Notice summarizing review of the maximum daily civil penalty assessment.


The Outer Continental Shelf Lands Act requires the MMS to review the maximum daily civil penalty assessment for violations of regulations governing oil and gas operations in the Outer Continental Shelf at least once every 3 years. This review ensures that the maximum penalty assessment reflects any increases in the Consumer Price Index as prepared by the Bureau of Labor Statistics, U.S. Department of Labor. After conducting the required review in August 2009, the MMS determined that no adjustment is necessary at this time.



The Oil Pollution Act of 1990 (OPA 90) (Pub. L. 101-380) expanded and strengthened MMS's authority to impose penalties for violating regulations promulgated under the OCS Lands Act. Section 8201 of OPA 90, which amended section 24(b) of the OCS Lands Act, 43 U.S.C. 1350(b), directs the Secretary of the Interior to adjust the maximum civil penalty amount at least once every 3 years to reflect any increases in the Consumer Price Index (CPI). The purpose of this adjustment is to ensure that punitive assessments keep up with inflation. If an adjustment is necessary, MMS informs the public through publication in the Federal Register of the new maximum amount. The MMS uses Office of Management and Budget (OMB) guidelines for determining how penalty amounts should be rounded.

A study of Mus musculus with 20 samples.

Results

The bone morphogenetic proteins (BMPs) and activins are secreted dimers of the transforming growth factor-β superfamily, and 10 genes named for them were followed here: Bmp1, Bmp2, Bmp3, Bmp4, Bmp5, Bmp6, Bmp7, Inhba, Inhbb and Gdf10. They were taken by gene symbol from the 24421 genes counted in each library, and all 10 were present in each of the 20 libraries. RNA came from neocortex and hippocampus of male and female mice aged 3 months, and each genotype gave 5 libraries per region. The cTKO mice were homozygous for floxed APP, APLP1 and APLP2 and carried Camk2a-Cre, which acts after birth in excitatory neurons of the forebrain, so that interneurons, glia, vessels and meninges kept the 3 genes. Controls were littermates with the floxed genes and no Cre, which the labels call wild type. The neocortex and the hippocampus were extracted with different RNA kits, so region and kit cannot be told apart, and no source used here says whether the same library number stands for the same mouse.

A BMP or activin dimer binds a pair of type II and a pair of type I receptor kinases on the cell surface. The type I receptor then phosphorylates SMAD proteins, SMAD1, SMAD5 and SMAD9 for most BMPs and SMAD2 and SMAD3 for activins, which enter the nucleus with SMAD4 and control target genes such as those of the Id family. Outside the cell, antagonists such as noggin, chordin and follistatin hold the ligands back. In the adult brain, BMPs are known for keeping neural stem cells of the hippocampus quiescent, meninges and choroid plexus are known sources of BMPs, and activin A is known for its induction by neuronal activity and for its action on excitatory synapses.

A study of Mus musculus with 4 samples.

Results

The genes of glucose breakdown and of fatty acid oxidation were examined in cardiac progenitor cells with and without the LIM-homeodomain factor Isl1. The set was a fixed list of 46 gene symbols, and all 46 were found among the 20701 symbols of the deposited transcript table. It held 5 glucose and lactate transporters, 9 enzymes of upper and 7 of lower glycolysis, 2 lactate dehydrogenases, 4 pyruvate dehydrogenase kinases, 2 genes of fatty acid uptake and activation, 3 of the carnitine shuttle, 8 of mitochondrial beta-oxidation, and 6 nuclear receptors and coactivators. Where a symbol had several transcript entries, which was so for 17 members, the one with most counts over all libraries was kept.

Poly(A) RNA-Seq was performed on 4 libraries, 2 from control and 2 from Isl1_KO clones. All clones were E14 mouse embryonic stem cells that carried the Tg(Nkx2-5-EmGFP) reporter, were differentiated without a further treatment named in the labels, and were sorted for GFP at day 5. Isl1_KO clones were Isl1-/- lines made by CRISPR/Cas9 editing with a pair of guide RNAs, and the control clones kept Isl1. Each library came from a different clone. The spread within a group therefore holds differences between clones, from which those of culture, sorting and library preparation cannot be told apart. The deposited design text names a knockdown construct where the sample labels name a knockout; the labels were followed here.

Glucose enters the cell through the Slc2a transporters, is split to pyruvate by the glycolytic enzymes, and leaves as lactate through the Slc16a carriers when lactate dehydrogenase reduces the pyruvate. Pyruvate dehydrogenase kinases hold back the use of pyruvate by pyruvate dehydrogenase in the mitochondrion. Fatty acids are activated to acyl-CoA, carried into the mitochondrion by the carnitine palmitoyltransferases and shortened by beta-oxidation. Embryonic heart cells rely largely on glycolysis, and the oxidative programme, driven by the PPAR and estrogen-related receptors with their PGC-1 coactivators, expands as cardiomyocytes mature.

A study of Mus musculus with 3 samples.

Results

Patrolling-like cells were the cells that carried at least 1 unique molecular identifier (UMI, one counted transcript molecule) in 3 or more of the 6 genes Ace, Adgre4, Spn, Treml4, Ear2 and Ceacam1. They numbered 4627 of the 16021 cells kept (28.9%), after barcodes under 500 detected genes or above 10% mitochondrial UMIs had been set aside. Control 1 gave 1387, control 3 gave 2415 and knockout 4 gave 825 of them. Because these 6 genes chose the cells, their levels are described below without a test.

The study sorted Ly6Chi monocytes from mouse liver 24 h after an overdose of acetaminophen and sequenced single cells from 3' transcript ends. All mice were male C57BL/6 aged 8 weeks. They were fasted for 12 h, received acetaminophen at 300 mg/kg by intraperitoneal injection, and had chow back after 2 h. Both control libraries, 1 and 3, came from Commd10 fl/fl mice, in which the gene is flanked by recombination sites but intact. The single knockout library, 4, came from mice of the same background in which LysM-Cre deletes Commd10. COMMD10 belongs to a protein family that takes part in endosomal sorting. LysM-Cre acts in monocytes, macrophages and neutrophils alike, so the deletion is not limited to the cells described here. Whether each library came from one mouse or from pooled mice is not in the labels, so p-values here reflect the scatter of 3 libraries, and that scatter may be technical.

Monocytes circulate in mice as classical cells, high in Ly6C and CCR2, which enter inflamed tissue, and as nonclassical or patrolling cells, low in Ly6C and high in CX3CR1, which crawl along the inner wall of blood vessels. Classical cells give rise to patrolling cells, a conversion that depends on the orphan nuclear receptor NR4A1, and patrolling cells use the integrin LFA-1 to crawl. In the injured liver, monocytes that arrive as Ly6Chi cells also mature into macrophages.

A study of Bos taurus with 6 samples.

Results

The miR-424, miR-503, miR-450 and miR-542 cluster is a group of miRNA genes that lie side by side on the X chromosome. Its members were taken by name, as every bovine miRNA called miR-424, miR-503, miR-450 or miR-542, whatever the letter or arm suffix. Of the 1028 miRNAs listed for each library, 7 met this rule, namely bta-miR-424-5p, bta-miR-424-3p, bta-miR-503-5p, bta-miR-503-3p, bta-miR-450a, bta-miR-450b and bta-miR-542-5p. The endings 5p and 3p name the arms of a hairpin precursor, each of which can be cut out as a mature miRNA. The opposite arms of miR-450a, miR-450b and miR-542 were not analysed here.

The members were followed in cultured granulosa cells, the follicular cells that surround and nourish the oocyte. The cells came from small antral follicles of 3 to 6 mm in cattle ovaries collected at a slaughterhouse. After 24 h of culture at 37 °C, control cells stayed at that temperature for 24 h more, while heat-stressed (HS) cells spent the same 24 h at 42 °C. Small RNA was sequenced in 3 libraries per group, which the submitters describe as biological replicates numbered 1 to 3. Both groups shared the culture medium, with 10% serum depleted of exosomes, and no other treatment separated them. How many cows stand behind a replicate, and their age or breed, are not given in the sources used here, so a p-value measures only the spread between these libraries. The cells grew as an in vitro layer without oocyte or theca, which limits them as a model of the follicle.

The MMS published regulations adjusting the civil penalty assessment to $25,000 per violation per day on August 8, 1997 (62 FR 42667); to $30,000 on October 29, 2003 (68 FR 61622); and to $35,000 on February 28, 2007 (72 FR 8897). In August 2009, MMS performed computations to determine if it should increase the current maximum civil penalty amount of $35,000 per violation per day. After running the computations, the MMS determined that the CPI did not increase enough to warrant raising the maximum civil penalty amount at this time. The MMS will monitor the CPI, and when the computations justify raising the maximum civil penalty amount, the MMS will publish a Notice in the Federal Register to notify the public of the increase.



Chris Oynes,

Associate Director for Offshore Energy and Minerals Management.